Dog Barking-is It Driving You Crazy?

Dog barking problems can drive a person out of their mind. If you’ve got a dog barking day and night, it’s probably driving you crazy, your neighbors crazy and possible even attracting the attention of the local animal control. However, taking care of a dog barking problem isn’t as difficult as you might think if you know how to do it.

Let’s face the facts, sometimes dogs bark. But, what is considered to be excessive barking in terms of the law? Keep in mind that your neighbor may have a completely different definition of excessive barking than the local ordinances. Many city ordinances see excessive dog barking as barking that continues for more than 10 to 15 minutes at a time. If your dog only barks for a minute or two when someone comes to the door, you’re probably alright.

On the other hand, If your dog is a chronic barker and tends to bark for long periods of time, you might be in for some legal problems and face fines. If your dog is barking for more than 10 or 15 minutes at a time, you need to stop the madness and sort it out before you have trouble with the law or your neighbors.

Three things you need to do to stop excessive dog barking:

1.You need to determine if your dog really is barking excessively.

2.Put an end to excessive barking when you’re home.

3.Teach your dog to be quiet when you’re not at home.

1. Before you get into a shouting match with your neighbor about your dog’s barking, you need to determine if he’s really barking excessively. It could be that your neighbor’s complaining about your dog because he’s still angry about the fact that you trimmed his weeping willow trees because they were clogging up your gutters.

The one-touch solution to finding out whether your dog is really putting a crease in your neighbors socks is a digital recorder. Just push the record button on a digital recorder before you leave the house and you’ll find out if your dog’s really howling at the moon or not. If your dog’s genuinely going crazy when you leave, you can be sure that it’s not just the weeping willow tree incident that spurred your neighbor on.

2. If your dog’s drowning out your favorite Johnny Cash CD with his incessant barking when you’re home, you should probably start a regimen of consequence and reward to teach him that it’s not appropriate to make so much noise.

Let’s say your dog goes crazy when he looks out the front window and sees people walking down the sidewalk. Put your dog on a leash and a collar and stand by the front window until someone walks past. When your dog starts going nuts, give your dog a jerk with the leash and the collar and tell him NO. It’s important that you NEVER connect your emotions to your corrections. Never show anger, yell, hit or grab your dog to correct him. All you have to do is give him a quick jerk with the leash and associate the correction with the word NO. Before you can slip on ice your little buddy will start being a more thoughtful and thinking before he barks.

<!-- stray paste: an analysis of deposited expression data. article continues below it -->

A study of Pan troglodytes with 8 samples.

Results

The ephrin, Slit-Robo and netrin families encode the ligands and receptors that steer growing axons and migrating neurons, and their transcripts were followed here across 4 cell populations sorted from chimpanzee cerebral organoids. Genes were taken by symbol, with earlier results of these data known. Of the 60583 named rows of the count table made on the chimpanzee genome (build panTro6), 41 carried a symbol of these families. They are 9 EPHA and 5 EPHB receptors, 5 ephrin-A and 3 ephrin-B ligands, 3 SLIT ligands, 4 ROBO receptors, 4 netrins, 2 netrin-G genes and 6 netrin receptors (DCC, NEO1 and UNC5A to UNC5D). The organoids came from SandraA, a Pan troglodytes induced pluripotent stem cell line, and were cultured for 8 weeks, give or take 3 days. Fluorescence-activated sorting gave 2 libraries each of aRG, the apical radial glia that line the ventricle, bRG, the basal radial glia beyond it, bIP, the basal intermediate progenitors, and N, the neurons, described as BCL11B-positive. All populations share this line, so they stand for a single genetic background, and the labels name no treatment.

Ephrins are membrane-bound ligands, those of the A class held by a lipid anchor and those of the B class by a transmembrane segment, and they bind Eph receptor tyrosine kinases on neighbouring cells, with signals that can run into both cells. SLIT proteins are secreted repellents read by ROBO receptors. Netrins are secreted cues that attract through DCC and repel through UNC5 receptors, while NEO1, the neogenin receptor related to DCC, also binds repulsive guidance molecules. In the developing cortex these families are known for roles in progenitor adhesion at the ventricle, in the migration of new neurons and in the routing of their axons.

3. If you think your dog is incapable of being sneaky, think again. Dogs have been developing strategies for thousands of years in order to mate, eat and play. It’s not unusual to discover that your dog will button his little doggy lips when you’re at home but, go nuts as soon as you leave.

Well, here’s what you do. Put your leash in your pocket and leave the house. As soon as your dog starts to bark, go back in the house, tell him No, connect your leash to and correct him using a corrective jerk. Don’t get worked up about it, just offer your dog a consequence and leave the house again. Keep going outside and waiting for your dog to start barking. Every time he starts, enter the house and correct him.

When you repeat this exercise, you’ll notice that the time between barking events increases. Before you can say silent night, you’ll see that your dog would rather think through his emotions than experience the correction.

It’s important to keep in mind that when your dog starts to improve, you absolutely have to show him the other side of the coin by walking back into the house and praising him like it’s the best thing that’s happened since reverend Perkins stopped chewing tobacco during the Sunday morning service.

So, if you know that your dog’s tweaking your neighbor’s ear, you’ve got to change your dog’s environment into an environment conducive to good choice making. Since the first dog walked the planet, they’ve learned through a system of consequence and reward and it’s not going to change now. Dogs won’t run into fire, brick walls or William Hung concerts because they know that if they do, they’re going to pay a price they don’t want to pay.